BABY BOY

Peter Pan in the Hood

Content -3
Quality
None Light Moderate Heavy
Language        
Violence        
Sex        
Nudity        

Release Date: June 27, 2001

Starring: Tyrese Gibson, Taraji P.
Henson, A.J. Johnson, Ving
Rhames, Omar Gooding, & Snoop
Dogg

Genre: Drama

Audience: Older teenagers & adults

Rating: R

Runtime: 129 minutes

Distributor: Columbia Pictures/Sony

Director: John Singleton

Executive Producer: Dwight Williams

Producer: John Singleton

Writer: John Singleton

Address Comments To:

Amy Pascal, President
Columbia Pictures
John Calley, Chairman/CEO
Sony Pictures Entertainment
10202 West Washington Blvd.
Culver City, CA 90232-3195
Phone: (310) 244-4000
Fax: (310) 244-2626
Web Page: www.spe.sony.com/

Content:

(PaPa, PCPC, C, LLL, VV, SSS, NN, A, DD, MM) Pagan worldview without good moral principles & with politically correct view on racism, but protagonist’s friend turns to Christianity & prays, though he still seems not to have fully repented of his sins plus other references to God; 284 obscenities including many “f” words, 18 mostly strong profanities, obscene gesture, & vulgar talk about sex; moderate violence such as punching people, couple hits one another & murder of black gangster who tried to rape a woman in front of her child; strong sexual immorality including depicted & implied fornication, cohabitation, attempted rape, & references to oral sex; upper female nudity, rear nudity & partial nudity; alcohol use; smoking and marijuana use; and, solid miscellaneous immorality such as selling stolen goods, cheating on girlfriend, racism blamed for one’s personal problems when the real problem is a bankrupt moral, psychological & spiritual life, vigilante justice, & covering up a crime.

Summary:

BABY BOY is a raw, sexually explicit, drama about a young African American man named Jody who can’t grow up. A complicated, overlong story, BABY BOY also contains lots of foul language, explicit sex, explicit nudity, and a pagan, immoral worldview with a politically correct view on racism.

Review:

BABY BOY is a raw, sexually explicit, drama about a young African American man named Jody who can’t grow up. Jody has fathered two children by two different women, but he really only loves one of them, Yvette, although he forces her to get an abortion when she becomes pregnant again. Yvette works in an office all day, so she lets Jody take her car so he can earn money on the street. Money, however, has proved to be hard to come by lately, so this has led to tension between them.

Jody finally decides to take charge of his life when his thirtysomething mother takes up with an ex-con named Melvin, who now owns his own landscaping business. It becomes immediately obvious that you can cut the tension between Melvin and Jody with a knife. Melvin has been around the block a few times, so he doesn’t think much of Jody’s wisdom and maturity. Jody is afraid his mother will throw him out of her house, so he’s going to need some extra money to survive, even if he moves in with Yvette.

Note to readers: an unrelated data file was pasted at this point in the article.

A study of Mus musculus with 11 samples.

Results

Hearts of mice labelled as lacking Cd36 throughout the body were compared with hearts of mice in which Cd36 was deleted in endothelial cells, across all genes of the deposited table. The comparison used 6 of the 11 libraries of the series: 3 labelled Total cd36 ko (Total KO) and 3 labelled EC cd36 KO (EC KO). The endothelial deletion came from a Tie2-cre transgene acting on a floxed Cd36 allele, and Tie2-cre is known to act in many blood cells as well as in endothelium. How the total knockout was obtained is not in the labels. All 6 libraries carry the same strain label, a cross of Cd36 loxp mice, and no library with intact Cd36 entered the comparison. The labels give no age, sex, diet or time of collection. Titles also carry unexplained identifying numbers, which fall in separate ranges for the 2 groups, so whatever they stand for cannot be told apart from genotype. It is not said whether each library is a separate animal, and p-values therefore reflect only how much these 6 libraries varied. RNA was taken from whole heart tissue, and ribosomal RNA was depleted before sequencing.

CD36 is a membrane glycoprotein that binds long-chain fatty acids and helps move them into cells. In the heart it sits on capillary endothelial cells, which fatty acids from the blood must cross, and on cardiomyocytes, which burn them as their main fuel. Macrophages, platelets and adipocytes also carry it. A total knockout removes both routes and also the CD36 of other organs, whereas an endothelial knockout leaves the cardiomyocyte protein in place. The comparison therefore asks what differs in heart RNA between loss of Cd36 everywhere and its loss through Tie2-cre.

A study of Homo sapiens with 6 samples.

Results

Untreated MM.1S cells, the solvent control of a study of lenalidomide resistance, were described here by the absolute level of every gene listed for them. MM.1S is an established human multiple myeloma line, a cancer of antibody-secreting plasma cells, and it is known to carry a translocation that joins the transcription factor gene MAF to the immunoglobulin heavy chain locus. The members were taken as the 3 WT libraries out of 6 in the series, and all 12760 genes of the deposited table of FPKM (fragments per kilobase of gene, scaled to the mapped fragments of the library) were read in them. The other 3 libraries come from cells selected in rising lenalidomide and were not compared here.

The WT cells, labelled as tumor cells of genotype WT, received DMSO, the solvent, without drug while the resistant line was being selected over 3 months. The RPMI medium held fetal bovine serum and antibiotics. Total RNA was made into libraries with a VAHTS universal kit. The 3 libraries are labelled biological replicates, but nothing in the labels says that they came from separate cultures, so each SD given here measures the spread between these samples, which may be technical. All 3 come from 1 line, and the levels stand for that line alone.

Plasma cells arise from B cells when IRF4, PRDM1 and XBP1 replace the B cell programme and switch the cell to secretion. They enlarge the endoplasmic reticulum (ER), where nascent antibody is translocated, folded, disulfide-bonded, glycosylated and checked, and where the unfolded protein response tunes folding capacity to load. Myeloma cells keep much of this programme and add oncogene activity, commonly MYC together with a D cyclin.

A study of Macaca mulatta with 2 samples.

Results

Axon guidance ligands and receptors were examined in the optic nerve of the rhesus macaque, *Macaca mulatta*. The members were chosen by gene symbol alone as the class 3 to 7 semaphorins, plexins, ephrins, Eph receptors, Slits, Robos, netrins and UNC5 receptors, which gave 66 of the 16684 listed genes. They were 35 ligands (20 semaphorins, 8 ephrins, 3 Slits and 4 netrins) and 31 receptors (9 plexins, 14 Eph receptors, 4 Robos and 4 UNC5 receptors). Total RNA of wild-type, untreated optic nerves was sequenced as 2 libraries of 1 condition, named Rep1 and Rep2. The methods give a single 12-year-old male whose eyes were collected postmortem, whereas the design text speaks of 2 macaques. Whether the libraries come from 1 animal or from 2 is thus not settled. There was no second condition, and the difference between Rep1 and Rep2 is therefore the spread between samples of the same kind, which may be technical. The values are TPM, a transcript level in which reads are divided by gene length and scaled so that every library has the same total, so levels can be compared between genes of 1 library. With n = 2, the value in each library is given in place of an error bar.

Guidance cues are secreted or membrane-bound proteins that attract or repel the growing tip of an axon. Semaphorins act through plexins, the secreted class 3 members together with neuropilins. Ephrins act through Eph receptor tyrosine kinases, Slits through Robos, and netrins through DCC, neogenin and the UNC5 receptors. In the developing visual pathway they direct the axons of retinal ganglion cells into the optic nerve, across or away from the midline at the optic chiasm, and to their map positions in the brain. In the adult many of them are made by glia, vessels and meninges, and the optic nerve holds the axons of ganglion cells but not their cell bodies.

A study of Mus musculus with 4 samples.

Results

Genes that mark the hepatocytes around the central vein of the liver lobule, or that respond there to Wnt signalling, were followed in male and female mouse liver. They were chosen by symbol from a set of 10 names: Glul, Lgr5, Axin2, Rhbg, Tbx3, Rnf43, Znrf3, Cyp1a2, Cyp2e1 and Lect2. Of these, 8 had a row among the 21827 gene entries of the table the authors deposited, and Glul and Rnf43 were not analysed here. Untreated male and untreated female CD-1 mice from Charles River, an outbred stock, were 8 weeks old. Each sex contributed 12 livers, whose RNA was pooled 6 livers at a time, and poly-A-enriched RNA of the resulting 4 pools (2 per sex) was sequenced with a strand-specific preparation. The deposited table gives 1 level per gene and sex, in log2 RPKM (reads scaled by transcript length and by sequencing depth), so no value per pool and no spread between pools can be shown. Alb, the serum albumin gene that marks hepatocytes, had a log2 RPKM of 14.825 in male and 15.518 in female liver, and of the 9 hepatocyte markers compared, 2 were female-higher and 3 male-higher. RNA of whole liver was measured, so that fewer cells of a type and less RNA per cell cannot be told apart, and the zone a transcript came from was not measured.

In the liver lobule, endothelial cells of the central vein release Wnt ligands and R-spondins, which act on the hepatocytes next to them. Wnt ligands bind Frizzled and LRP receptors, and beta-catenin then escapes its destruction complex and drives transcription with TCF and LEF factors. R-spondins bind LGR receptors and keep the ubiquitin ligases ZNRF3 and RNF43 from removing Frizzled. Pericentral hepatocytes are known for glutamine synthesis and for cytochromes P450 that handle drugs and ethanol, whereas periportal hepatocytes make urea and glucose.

Jody thinks being a salesman is the key to success and independence, so he starts selling women’s clothes on the streets. Although some of the clothes are hot, Jody finds he has a talent for this kind of business, so he begins to help Yvette keep her car in top shape. He continues to fool around on her, however, which leads to more tension between them. They break up, but when her old gangster boyfriend gets out of jail, Jody is faced with making some tough decisions.

BABY BOY is, of course, filled with lots of foul language, explicit sex and explicit nudity. It’s also overly long and complicated. Finally, although Jody does finally show signs of maturity and some semblance of morality, some of the solutions to his personal problems and the problems between him and Yvette, are very illegal ones that include vigilante justice. In fact, his best friend leads the episodes of vigilante justice, then gets baptized in a Christian ceremony at the end of the movie. The writer and director of this messy movie, John Singleton (BOYZ IN THE HOOD), needs to find a more wholesome, more intelligent vision and worldview if he truly wants to become a great filmmaker. A good scriptwriting class might also help him. It definitely couldn’t hurt.

In Brief:

BABY BOY is a raw, sexually explicit, drama about a young African American man named Jody who can’t grow up. Jody has fathered two children by two different women, but he only loves one of them, Yvette, although he forces her to get an abortion when she becomes pregnant again. Eventually, after a long series of events, Jody grows up, at least a little bit, and he and Yvette manage to find happiness and a better family life.

BABY BOY is filled with lots of foul language, explicit sex and explicit nudity. It’s also overly long and complicated. Finally, although Jody does eventually show signs of maturity and some semblance of morality, some of the solutions to his problems are very illegal ones that include vigilante justice. In fact, his best friend leads the episodes of vigilante justice, then gets baptized in a Christian ceremony at the end of the movie. The writer and director of this messy movie, John Singleton (BOYZ IN THE HOOD), needs to find a more wholesome, more intelligent vision and worldview if he truly wants to become a great filmmaker. A good scriptwriting class might also help him.